Call for Proposals:

The Future Museum in the Future City

25-27 April 2021

Doha Institute for Graduate Studies and Mathaf: Arab Museum for Modern Art, in Doha, are planning to hold the 3rd Annual Conference of Visual Arts. This edition of the conference will look at the implications of the current pandemic on the futures of museums and cities. We expect the conference to be an open platform for discussions and raising questions concerning the different potential scenarios to come upon us in the near future. Below is a preliminary conceptual framework for you to consider and possibly engage with. We invite you to consider participating in the conference and present your interventions to our Arab and international audiences. 

Conceptual Framework: 

There are turning points in history that we understand in retrospect, in a deferred insight. The current crisis, the pandemic, seems to act differently, for it contains an acute awareness that it is a major disjuncture between two eras, two regimes of human existence. Inherent to this tragic experience of a “major break” is the orientation towards the future, loosely defined. The cultural fields of production are doubly bounded in this tragic experience. They are one of the most affected domains of this tragic experience which has deep and lasting effects on it. And those most affected fields are expected to tell the story of this transition between the two regimes of existence. “The Story of the Pandemic” is partly constituted by ways of narrating the future to come, the nature of the unfolding new regime(s).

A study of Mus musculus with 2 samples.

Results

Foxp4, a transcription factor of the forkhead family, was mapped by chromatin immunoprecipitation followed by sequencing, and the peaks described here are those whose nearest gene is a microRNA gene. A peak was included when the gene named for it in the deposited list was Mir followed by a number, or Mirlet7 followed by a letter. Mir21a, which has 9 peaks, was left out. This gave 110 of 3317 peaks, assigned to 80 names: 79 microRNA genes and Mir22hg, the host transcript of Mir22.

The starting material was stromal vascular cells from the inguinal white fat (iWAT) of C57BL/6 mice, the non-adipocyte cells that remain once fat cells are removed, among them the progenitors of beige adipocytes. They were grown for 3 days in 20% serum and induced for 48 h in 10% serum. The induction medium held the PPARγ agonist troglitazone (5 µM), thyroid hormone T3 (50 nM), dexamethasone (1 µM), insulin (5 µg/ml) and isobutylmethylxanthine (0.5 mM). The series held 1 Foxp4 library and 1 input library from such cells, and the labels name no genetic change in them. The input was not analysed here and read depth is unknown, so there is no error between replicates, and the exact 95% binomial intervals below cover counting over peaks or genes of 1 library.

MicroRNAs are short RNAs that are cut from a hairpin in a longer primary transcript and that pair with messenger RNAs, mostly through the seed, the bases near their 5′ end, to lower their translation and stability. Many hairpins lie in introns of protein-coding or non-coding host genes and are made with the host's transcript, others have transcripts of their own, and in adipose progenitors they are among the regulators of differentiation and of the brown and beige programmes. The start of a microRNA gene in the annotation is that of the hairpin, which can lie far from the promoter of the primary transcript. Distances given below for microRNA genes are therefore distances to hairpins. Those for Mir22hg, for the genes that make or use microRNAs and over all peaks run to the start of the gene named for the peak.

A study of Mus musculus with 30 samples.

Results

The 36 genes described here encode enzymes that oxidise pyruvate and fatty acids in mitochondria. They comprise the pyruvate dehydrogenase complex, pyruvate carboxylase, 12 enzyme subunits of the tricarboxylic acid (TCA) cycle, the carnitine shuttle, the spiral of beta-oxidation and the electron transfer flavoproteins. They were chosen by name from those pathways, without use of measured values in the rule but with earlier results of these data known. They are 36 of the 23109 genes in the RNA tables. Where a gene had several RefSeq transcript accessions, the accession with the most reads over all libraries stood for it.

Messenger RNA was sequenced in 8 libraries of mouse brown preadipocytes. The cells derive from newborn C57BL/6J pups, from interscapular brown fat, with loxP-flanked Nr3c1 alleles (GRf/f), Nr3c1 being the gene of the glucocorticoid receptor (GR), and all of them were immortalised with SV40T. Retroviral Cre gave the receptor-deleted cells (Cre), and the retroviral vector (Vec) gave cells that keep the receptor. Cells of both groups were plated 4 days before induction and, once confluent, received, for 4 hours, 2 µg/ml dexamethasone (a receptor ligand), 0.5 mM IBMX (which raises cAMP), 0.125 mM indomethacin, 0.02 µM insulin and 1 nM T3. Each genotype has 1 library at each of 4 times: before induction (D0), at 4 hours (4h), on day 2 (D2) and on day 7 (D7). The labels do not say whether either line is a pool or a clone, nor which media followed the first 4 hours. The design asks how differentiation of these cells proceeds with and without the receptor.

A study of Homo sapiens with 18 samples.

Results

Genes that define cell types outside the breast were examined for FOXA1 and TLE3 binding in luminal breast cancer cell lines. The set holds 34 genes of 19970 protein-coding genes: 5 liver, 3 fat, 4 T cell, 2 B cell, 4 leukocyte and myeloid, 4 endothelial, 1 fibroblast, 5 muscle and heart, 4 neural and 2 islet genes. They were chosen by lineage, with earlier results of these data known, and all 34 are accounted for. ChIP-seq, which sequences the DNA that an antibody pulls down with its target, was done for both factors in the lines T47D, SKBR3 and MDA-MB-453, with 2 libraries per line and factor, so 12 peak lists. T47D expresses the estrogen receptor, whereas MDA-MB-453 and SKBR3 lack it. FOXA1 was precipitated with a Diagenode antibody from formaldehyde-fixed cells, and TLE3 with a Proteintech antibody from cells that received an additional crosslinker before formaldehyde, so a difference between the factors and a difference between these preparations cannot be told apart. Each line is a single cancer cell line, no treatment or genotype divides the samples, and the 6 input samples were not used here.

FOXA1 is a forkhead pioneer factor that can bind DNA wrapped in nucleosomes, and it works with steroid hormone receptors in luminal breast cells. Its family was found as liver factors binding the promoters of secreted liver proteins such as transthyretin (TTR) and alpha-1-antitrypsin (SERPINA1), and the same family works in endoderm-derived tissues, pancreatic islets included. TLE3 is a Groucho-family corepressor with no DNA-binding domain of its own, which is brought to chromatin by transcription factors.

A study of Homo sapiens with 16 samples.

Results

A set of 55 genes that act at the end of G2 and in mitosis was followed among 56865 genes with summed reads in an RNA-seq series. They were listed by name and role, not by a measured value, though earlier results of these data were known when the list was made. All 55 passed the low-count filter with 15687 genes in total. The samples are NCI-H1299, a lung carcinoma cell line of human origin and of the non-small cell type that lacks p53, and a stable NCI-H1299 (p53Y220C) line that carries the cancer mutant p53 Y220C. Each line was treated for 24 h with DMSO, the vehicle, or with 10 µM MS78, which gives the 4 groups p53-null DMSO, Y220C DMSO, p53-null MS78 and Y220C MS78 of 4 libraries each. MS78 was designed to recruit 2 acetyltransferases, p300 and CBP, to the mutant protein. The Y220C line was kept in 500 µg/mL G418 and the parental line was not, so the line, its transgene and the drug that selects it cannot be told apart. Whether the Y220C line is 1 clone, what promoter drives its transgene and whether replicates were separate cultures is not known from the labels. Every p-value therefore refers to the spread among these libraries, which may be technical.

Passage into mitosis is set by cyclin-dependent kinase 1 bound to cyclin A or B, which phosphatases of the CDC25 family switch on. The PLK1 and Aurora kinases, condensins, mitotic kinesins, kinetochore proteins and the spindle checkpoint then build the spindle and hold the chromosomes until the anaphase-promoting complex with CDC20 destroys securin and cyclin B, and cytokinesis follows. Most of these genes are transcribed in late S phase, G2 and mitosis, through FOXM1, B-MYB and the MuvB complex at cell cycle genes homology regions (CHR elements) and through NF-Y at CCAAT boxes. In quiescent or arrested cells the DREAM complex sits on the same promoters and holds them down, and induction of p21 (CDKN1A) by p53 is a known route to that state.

Of the different cultural fields at the center of these processes, are the city and the museum. Traditionally, the modern city constructed the museum as its mirroring mechanism. It was supposed to tell the story of the city via different media, e.g., visually, architecturally, and temporally. Fortunately, it did more than just telling a story, it has been reshaping the city and its dwellers. At the current juncture, both the city and the museum have been deeply implicated in the tragic experiences and are being radically transformed. Part and parcel of this transformation is that the city and the museum are narrating the moment of transformation as it occurs. And thus they are both active in shaping the “future” of the coming regime of human existence.

These current dynamics of the “urgent” now force certain challenges on us. What are the shapes and the practices of the sociopolitical regimes that we foresee? What type of agency could we carve out in these emerging regimes? Is the biosphere the determining factor after all? What would the city based on the new biopolitics look like? And the museum? Do these scenarios entail ways of visually narrating them? Could one resist these unfolding changes, and how? 

We invite you to send proposals to participate in the conference (up to 500 words), in accordance with one of the following topics:

  1. Critical reading of the urban formative forces of the plagued city;
  2. Revising the history of the modern museum in light of the current pandemic;
  3. Foreseeing the future possible relations of the museum and the city;
  4. The possibilities of visualizing the new biopolitical regime(s), and the ways of resisting it; 
  5. The positionality of the viewer: The Southern Scene and its deconstructive charge\claim;

Note: this year’s panel discussions will take place online, and selected papers will be published in the proceedings. 

Download call for proposals - Submission for proposals closed.